Patients, in individual interviews with journalists in Umuahia on Monday, expressed their complaints regarding the financial challenges of dealing with diabetes, coinciding with the approaching World Diabetes Day on Tuesday, November 14.
The International Diabetes Federation, collaborating with the World Health Organisation (WHO), laid the foundation for World Diabetes Day in 1991 to address mounting concerns about the health and economic repercussions of diabetes. This undertaking was officially designated as a United Nations Day in 2006.
Bemoaning their plight, the patients expressed concern over the unbearable cost of diabetes drugs, urging the government to step in and ensure the availability of these medications either for free or at a subsidized cost.
A patient, Enyinnaya Nwokocha, said he had been on insulin injections since he was diagnosed with the disease more than eight years ago without getting any assistance in the procurement.
‘The drugs are quite expensive, and we don’t even see them in my community, so I always look for money whenever I’m coming to purchase it because the doctor placed me on a weekly visit,’ Mr Nwokocha said.
Another patient, Mama Uche, who resides in Ozu Abam in Bende Local Government Area, narrated her challenges in accessing treatment.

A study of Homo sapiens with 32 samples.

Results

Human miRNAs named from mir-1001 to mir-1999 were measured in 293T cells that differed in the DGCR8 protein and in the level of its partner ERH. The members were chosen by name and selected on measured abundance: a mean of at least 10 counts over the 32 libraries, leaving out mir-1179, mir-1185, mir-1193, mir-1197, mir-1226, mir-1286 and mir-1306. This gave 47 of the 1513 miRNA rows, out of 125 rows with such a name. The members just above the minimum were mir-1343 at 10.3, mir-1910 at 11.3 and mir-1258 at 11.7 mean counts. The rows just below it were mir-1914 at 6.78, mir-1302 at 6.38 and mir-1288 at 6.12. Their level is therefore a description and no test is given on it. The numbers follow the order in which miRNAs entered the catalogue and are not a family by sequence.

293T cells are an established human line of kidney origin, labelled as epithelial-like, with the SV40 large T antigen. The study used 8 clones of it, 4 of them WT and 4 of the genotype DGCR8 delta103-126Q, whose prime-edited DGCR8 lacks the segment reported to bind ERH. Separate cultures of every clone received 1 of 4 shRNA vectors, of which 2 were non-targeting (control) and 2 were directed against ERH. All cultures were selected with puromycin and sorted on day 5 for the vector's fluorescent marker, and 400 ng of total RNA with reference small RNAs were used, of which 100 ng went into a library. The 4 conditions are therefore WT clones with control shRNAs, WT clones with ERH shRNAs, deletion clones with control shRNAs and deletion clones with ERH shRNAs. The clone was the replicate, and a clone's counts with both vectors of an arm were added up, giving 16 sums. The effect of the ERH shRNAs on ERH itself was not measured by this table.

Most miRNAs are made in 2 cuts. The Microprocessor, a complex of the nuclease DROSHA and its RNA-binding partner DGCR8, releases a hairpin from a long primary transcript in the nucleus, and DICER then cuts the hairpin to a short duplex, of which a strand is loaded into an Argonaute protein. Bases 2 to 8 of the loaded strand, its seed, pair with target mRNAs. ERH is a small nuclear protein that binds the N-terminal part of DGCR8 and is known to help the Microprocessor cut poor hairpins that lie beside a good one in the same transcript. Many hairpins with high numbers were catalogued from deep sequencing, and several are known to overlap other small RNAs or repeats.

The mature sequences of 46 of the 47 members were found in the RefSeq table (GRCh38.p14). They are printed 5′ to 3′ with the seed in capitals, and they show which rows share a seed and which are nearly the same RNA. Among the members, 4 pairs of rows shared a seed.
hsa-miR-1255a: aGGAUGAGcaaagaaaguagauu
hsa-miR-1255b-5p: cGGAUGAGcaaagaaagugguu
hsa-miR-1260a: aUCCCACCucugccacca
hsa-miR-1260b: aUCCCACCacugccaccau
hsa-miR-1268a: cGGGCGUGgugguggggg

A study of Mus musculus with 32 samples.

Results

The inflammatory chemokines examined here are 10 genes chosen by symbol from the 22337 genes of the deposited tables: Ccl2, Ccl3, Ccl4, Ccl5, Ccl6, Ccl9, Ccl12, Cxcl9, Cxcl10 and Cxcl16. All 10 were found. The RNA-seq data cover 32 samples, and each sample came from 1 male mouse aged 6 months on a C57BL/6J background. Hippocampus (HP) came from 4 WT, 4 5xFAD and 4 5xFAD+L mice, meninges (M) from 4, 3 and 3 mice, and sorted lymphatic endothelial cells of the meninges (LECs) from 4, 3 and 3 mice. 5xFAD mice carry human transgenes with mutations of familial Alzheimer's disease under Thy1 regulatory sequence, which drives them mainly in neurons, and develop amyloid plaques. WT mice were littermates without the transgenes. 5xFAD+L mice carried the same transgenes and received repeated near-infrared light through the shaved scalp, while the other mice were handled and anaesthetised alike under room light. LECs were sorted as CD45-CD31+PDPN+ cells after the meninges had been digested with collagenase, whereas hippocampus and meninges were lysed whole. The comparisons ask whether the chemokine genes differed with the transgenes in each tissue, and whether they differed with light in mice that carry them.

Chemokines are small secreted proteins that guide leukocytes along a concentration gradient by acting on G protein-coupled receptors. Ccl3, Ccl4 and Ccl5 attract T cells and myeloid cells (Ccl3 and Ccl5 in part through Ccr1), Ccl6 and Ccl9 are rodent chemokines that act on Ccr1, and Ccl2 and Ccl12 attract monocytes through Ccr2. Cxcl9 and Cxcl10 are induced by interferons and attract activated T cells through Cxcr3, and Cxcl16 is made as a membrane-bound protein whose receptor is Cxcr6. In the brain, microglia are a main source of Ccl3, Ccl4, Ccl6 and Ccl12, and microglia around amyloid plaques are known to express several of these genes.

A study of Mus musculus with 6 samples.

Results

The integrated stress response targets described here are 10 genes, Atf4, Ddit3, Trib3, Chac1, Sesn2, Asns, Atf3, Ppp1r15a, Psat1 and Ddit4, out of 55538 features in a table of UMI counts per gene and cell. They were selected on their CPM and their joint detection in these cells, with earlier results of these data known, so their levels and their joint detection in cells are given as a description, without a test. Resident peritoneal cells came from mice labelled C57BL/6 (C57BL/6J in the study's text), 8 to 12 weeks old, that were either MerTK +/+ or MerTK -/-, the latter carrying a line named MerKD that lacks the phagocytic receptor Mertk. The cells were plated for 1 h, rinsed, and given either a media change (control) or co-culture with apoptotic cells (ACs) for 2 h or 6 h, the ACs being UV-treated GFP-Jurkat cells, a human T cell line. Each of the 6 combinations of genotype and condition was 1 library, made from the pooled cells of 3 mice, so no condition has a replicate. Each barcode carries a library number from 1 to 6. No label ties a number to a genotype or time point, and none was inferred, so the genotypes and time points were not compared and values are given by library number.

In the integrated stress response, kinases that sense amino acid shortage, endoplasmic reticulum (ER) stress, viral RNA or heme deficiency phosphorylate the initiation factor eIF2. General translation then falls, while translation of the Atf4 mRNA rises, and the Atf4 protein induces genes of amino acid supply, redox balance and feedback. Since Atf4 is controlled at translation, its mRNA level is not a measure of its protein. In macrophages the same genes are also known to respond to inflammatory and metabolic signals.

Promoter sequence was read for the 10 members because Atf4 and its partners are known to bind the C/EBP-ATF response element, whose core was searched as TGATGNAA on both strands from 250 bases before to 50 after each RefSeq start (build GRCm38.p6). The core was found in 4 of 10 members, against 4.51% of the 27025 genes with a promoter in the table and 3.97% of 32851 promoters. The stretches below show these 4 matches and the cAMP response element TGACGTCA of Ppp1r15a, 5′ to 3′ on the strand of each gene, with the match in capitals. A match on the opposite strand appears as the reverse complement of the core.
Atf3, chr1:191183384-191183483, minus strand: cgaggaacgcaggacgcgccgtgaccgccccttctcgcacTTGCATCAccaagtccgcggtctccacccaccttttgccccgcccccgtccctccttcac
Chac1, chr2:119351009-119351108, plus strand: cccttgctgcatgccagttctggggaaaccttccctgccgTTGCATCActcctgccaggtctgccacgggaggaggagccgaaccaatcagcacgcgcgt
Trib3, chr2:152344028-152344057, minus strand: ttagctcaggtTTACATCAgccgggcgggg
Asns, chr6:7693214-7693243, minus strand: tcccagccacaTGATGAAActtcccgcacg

Having been on diabetes medication for the past five years, the septuagenarian voiced her frustration, noting the absence of any substantial improvement.
‘The original drugs, which I normally purchase at the pharmacy whenever I am in Umuahia, are very expensive, and as a widow, I don’t have that kind of money.’
‘I wish the government would assist us in terms of drugs because they are costly,’ she stated.
Chijioke Nwakanma, who said he was diagnosed with diabetes about five years ago, also said the drugs are not only expensive but scarce.
He said, I am aware that the foreign drugs are more effective than the local ones, but I usually buy the local ones because they are cheaper.’
‘The drug dealers told us that the high cost is due to the high exchange rate of naira to dollar, and that is why I am calling on the government to help us reduce the cost.’
A survey reveals that diabetes drugs, especially foreign brands, are scarce. However, foreign brands such as empagliflozin (Jardiance-10 mg) sell for N16,250 per packet, while local brands such as Glucophage-1000 mg go for N2,250 per packet.
Pharmacist Fortune Moses underscored the primary challenge in handling diabetes as a metabolic disease – the financial burden. He noted that some patients are uninformed about their condition, and even when aware, they lean towards traditional medications.
When considering financial constraints, expensive foreign brands like dapagliflozin (Farxiga) and empagliflozin (Jardiance) are more potent than their cheaper alternatives.
‘Due to the financial burden, patients around the locality go for metformin (Glucophage), which is sold for N240 per card.’
‘That is not to say that the cheap brand does not work, but the foreign counterpart works faster,’ he said.